Judeo-Spanish was the language of the Medieval Jews who lived in Spain, who are today called the Sephardic Jews, although the term does not necessarily mean a Spanish Jew any longer. It is a mixture of 15th century Spanish (the language of Cervantes) and Hebrew, although other languages also influenced it: Judeo-Spanish has been a minority language in contact with a variety of other languages (Malinowski). Ladino is the written form, and it is considered to be semi-sacred as it was used to directly translate the Hebrew and Aramaic texts. Therefore, the Judeo-Spanish language is seen as not only an important identity for the Sephardic community, but it also ties them to their beloved Torah and Mishnah. These and other factors may have contributed to the sustained use of Judeo-Spanish, as explained by Giles and Johnson:
members of subordinate groups who consider language to be an important dimension of their identity, identify strongly with their ethnic group, and make insecure comparisons with other groups are predisposed to act in terms of ethnic solidarity, define intergroup encounters in terms of ethnicity, and try to maintain their distinctive language features (Gudykunst and Ting-Toomey).
The Sephardic Jews who immigrated to other countries and maintained Judeo-Spanish probably had both high intergroup and high interpersonal salience-as in they considered Judeo-Spanish to be an important part of their identity, and strongly identified with their ethnic group. Their religious belief of being "set apart" by God as His holy people was a large part of this community’s worldview and self-perception. In addition, the impact of being semi-forcibly expelled from Spain, and later the Holocaust must have increased group cohesiveness as a natural psychosociological response, and decreased the desire to conform to society (Gudykunst and Ting-Toomey 320).
On a societal level, the pluralistic Turkish commercial centers (which were home to large Sephardic communities) during Ottoman rule allowed for minority practices and beliefs, so that Jews existed often in business and always in private life... as a millet, living in their separate quarters, establishing and staffing their own schools, observing their own customs and ordinances (Malinowski). They were not required to learn Turkish, and according to Malinowski, Judeo-Spanish came, inevitably, to be perceived as an "essential determinant of group identity and group unity." In fact, this group identity was demonstrated in a very real way when listening to the narratives of people:
The sense of group unity and continuity received its perhaps most telling expression in the informants' habit of using the first-person plural- verbs, or course, in the past tense- when narrating the events surrounding the expulsion. For example, Estuvimos en Espanya, Mos fuimos de la Espanya, Mos aresibyo aki- 'We were in Spain', 'We left Spain', 'We were welcomed here.'(ibid)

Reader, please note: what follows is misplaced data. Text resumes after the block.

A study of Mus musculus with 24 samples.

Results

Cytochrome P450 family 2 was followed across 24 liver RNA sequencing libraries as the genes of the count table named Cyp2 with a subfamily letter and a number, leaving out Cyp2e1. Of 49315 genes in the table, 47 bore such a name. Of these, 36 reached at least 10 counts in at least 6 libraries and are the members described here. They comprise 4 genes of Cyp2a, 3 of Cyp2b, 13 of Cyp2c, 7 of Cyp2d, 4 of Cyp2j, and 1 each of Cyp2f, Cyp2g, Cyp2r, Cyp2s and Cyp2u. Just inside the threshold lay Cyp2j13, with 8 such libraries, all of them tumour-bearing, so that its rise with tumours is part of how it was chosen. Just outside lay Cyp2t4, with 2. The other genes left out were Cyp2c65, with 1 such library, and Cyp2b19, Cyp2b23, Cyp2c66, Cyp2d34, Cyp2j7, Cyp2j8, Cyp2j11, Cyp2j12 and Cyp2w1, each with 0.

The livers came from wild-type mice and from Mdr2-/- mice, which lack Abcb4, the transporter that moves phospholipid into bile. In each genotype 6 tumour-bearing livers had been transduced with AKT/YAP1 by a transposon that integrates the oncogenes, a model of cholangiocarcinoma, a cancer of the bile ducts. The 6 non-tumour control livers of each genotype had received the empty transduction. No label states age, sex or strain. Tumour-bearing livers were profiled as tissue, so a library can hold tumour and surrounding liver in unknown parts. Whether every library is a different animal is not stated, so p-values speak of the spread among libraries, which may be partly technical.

Some of the distinguishing traits of Judeo-Spanish from the Standard Castilian of the 15th century include the pronunciation of j as "zh" or "sh" so that the Spanish word dejar was pronounced /deshar/. Often words have an added n and the r is reversed with another letter, so mucho is spelled and pronounced muncho, gordo as godro and pobre as prove. In addition many words were borrowed from Arabic, and Arabic sounds were borrowed to form words such as Alhát which is Arabic for the first day. Interestingly, due to the importance of the Oneness of God, the Spanish word for God (Dios) was made non-plural and the Hebrew El was added to it: El Dio. The z remained in some words and therefore mesa was pronounced "meza" (/meΘə/).
Finally, Judeo-Spanish, with its historical mix of Hebrew, 15th century Spanish, Aramaic, French, and other languages that layered over it over time, is still used today in various Sephardic communities around the world. While the number of speakers has diminished- partly from the systematic destruction of European Jews, and also due to the acculturation of some Jews- there are still communities keeping up the tradition. The language has become part of their lives, as it is tightly interwoven with the faith of many Jews. Malinowski interviewed dozens of Sephardic Jews of various ages and found that both in the past and even now,
Language and religion... still appear to be intimately related in the self- and group-perceptions of the Turkish Sephardim... it was... regularly and promptly assumed that anyone who spoke Spanish was in fact Jewish.
Gudykunst, William and Stella Ting-Toomey. "Ethnic Identity, Language and Communication Breakdowns."
Handbook of Language and Social Psychology. Ed: H. Giles and W.P. Robinson.
John Wiley & Sons Ltd., 1990
Malinowski, Arlene. "A report on the status of Judeo-Spanish in Turkey."
International Journal of the Sociology of Language. 37 (1982) pp. 7-23.